Without clear rules, P2P lending in China kept operating in a grey area, with sites continuing to accumulate money from lenders through guarantees on returns, and then giving this money to any kind of borrower. When things turned bad and borrowers failed to repay their debts or returns did not meet promises (as with the astronomical number of players in the market competition became that much intensive that many firms were guaranteeing insane returns) many firms simply disappeared as the owners would just run off with the money, leaving behind a trail of angry lenders with no one to complain to.
At last, the CBRC decided that, guess what, this was an issue at social, legal and financial levels: of course many people were angry with how things were going with, by the CBRC's own estimates, nearly 30% of P2P lending platforms were “problematic”, but the problem goes beyond just public opinion.
Peer-to-peer lending has been a useful solution and a convenient answer to the arising problem of lack of capital for SMEs, which constitute the back of Chinese economy and which were struggling to sustain the expensive borrowing coming from banks. And this is not to say that there aren't solid Chinese P2P lending platforms our there. Yirendai and Dianrong are two examples that seem to have their ducks in a row when it comes to lending and are doing very well.
If China's P2P platforms continued to fail, the lack of trust in this specific lending system would set things back, reopening the question of how SMEs should get financial assistance without this meaning a radical change in interest rates in the whole banking system. So, right at the end of 2015, the CBRC finally released a draft to take control of the situation, focused on the elements judged to be more urgent.
First of all, the goal of the new regulation is to take platforms back to a marketplace function, so simply enabling borrowers in need for capital to meet with potential lenders wanting to invest their excessive money. This is achieved by banishing guarantees on returns and prohibiting the possibility for these companies to take loans on their balance sheet (so effectively, that money does not go through the sites' pockets so to speak). Second, P2P lending platforms will no longer provide principle or return guarantees, which had previously been quite common in China. And finally, P2P platforms should only be 'selling' P2P lending products, not wealth management or other products; how this affects companies like CreditEase who created a separate entity under its control in charge of wealth management, is unclear.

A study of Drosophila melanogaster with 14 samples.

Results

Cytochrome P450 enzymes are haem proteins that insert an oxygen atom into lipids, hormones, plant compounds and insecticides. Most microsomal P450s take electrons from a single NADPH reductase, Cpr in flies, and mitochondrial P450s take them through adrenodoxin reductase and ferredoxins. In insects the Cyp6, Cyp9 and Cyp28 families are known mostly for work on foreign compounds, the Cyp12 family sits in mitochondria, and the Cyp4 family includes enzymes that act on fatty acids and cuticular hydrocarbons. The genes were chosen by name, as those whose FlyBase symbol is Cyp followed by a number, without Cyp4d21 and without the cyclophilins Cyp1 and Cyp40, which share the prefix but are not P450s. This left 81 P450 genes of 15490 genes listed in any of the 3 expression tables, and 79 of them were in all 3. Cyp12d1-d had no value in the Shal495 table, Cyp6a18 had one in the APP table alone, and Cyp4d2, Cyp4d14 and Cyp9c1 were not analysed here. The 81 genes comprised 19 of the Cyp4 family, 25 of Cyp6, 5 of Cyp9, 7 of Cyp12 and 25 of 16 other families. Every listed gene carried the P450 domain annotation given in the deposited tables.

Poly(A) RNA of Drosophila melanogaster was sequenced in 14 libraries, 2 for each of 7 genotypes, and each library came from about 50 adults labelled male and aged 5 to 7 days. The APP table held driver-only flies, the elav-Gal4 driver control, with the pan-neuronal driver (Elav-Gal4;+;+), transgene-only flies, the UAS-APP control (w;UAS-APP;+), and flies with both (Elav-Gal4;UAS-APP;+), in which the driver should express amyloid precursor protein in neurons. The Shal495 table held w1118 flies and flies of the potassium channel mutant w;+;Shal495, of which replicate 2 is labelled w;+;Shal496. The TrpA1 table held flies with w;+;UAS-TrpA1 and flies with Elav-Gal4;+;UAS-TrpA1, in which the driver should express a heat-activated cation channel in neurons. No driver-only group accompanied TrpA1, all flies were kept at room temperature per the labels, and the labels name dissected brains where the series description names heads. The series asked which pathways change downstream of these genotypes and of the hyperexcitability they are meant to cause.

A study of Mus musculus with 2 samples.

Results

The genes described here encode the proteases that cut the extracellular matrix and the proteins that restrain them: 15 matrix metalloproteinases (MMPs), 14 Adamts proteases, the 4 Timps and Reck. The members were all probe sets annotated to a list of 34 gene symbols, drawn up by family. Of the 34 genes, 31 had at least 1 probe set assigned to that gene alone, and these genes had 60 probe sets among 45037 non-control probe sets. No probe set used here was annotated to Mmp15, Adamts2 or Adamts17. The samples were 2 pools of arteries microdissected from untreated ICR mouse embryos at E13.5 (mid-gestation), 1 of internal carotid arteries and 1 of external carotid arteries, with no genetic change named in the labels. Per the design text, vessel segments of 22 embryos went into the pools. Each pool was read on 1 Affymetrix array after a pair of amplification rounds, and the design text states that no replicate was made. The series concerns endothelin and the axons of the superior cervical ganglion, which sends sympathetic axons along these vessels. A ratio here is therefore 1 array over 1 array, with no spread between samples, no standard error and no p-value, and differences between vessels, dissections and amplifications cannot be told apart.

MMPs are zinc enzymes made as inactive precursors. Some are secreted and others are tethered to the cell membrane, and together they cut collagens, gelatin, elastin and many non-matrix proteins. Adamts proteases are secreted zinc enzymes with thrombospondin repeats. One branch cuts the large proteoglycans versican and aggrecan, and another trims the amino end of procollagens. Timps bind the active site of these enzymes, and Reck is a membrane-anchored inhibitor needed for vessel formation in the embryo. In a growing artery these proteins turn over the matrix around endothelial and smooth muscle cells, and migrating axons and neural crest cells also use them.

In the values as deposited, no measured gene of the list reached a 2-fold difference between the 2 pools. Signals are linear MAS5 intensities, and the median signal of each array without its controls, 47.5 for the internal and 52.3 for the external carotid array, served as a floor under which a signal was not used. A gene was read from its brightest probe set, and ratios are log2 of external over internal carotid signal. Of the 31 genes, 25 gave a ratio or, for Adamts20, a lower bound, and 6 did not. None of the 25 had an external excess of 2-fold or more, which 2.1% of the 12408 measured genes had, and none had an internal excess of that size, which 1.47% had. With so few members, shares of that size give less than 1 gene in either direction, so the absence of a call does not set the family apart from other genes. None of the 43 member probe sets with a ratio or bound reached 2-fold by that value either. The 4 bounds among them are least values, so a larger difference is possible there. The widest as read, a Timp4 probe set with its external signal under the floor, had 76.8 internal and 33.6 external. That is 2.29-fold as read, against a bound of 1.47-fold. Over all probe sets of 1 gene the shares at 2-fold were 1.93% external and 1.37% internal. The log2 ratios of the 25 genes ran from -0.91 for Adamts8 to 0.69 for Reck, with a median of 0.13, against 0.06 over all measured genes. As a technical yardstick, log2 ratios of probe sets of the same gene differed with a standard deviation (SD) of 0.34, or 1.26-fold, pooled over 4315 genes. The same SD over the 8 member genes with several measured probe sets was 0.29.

To reduce risk of frauds and bad loans spreading through the financial market new transparency standards were also established, such as forcing companies to provide publically availability data on key statistics like bad loan ratios, total amount of loans brokered and so on, while on the lending side they will have to register at the local financial regulator and ask for a license; at the same time the total amount of loans available for each borrower will be limited too.
Overall these controls should force a break on the rising amount of criminal activities and, hopefully, curb careless lending, which is something that over time would create a systemic risk that China’s financial market cannot afford at the moment. On the other side it is designed in a way so that SMEs could still receive the capital they need without being forced to overpay loans to banks.
It is puzzling how it took so long for the CBRC to realise these problems and, especially, how many months have passed before it could come up with an answer, but still, better late than never.